IRVINE, Calif. —  As an Afghan American, Neelab Saraabi feels conflicted thinking about how women in Afghanistan are living under strict restrictions that affect their education, clothing and human rights.

What You Need To Know

  • Mona Shaikh created Minority Reportz in 2015 to provide a platform for South Asian comedians

  • The platform is now being used to bring awareness to the dire situation in the now Taliban controlled Afghanistan

  • A portion of ticket sales from the Comedy Benefit will be donated to Afghan refugees and the Hope B Lit organization assisting those still in the country

“I feel guilty. It’s kind of hard to be grateful for something (where) you have so much abundance and somebody else doesn’t even have an ounce of it,” Saraabi said.

Saraabi’s family left Afghanistan when she was a child and saw how the Taliban had taken over. Now, as she watches from the U.S., she feels compelled to do something about it through her comedy.

“I had the mixed feeling of that girl, that teenage kid who was in Pakistan when the Taliban took over. Plus, that new mom that was watching the twin towers fall. So (I was feeling) both of those fears and anxiety,” Saraabi said.

Saraabi is proud to say that she is the first female Afghan comedian.

She often focuses her acts on politics and current affairs. She is planning to use her platform to roast the Taliban and continue the difficult conversations of what is happening overseas.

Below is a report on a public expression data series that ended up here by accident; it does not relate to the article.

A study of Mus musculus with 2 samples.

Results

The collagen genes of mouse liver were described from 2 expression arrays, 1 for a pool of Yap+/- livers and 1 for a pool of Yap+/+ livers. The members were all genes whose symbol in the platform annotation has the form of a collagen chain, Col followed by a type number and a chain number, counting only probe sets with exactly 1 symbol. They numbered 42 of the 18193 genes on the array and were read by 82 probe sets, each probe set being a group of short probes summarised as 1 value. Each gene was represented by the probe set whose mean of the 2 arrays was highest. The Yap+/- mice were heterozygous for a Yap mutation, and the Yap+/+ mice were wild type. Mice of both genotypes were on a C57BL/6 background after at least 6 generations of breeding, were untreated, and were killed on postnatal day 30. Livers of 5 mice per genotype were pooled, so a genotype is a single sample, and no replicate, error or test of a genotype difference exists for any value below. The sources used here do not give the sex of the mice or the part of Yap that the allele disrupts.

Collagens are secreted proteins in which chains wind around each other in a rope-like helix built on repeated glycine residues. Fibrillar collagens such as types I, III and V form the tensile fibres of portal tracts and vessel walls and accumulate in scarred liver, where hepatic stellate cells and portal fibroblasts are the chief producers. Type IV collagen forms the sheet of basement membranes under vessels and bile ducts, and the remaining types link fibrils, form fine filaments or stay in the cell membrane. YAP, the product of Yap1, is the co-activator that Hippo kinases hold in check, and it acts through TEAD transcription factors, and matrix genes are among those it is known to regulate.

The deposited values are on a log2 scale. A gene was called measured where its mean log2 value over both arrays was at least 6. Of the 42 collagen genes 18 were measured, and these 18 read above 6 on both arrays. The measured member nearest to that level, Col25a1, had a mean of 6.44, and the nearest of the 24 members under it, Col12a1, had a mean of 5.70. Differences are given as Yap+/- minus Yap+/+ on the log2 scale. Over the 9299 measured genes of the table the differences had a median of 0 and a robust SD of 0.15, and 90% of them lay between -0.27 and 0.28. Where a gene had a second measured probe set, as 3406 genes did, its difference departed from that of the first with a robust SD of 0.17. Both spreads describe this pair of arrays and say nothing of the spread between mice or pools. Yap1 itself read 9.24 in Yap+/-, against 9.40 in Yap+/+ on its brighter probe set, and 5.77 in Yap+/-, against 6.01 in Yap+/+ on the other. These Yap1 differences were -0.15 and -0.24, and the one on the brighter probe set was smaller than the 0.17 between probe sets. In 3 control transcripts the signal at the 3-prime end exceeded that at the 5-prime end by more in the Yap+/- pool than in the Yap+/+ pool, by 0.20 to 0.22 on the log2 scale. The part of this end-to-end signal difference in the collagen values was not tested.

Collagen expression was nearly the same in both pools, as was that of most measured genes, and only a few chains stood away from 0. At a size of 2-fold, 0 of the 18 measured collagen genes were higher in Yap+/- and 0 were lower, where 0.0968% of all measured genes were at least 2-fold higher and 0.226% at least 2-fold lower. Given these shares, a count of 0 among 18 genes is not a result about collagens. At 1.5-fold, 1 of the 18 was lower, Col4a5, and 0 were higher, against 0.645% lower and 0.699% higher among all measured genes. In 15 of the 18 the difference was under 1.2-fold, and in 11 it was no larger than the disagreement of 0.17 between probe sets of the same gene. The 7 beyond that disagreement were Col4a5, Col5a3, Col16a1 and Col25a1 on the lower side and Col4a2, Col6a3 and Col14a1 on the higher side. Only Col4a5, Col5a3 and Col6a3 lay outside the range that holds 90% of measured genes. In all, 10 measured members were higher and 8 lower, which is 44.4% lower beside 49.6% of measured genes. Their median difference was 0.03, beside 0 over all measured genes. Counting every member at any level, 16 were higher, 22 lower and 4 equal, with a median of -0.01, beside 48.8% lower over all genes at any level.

Mona Shaikh is also a South Asian comedian who has cultural roots in India, Pakistan and Iran. She created a comedy show called “Minority Reportz” in 2015 to give a spotlight for South Asian comedians like Saraabi to take the stage.

“Comedy is that one space where you don’t want to take up arms. Well, you hope you don’t. Where you talk about a lot of difficult things in a more comfortable setting because you are laughing. In the words of George Bernard Shaw, he says, ‘You make them laugh and then when they open their mouth you slip them the bitter truth.’ I think comedy is that medium,” Shaikh said.

For Saraabi, comedy is a relief and a way to have a lighter conversation about harder topics, but she wants her message to be heard loud and clear. 

“The Taliban haven’t changed, but the Afghan woman have and we’re not going to take it anymore,” Saraabi said.

As the events in Afghanistan remain uncertain, Afghan Americans like Saraabi will keep making people laugh as long as it inspires tough conversations.

“Minority Reportz” held a comedy benefit for Afghanistan at the Caspian restaurant in Irvine on Thursday night featuring standup comedians Saraabi, Sarah Fatemi, Dauood Naimyar, Anu Kalra, Omid Singh and the producer of the show, Mona Shaikh.

More information about how to help Afghan refugees and those abroad can be found here.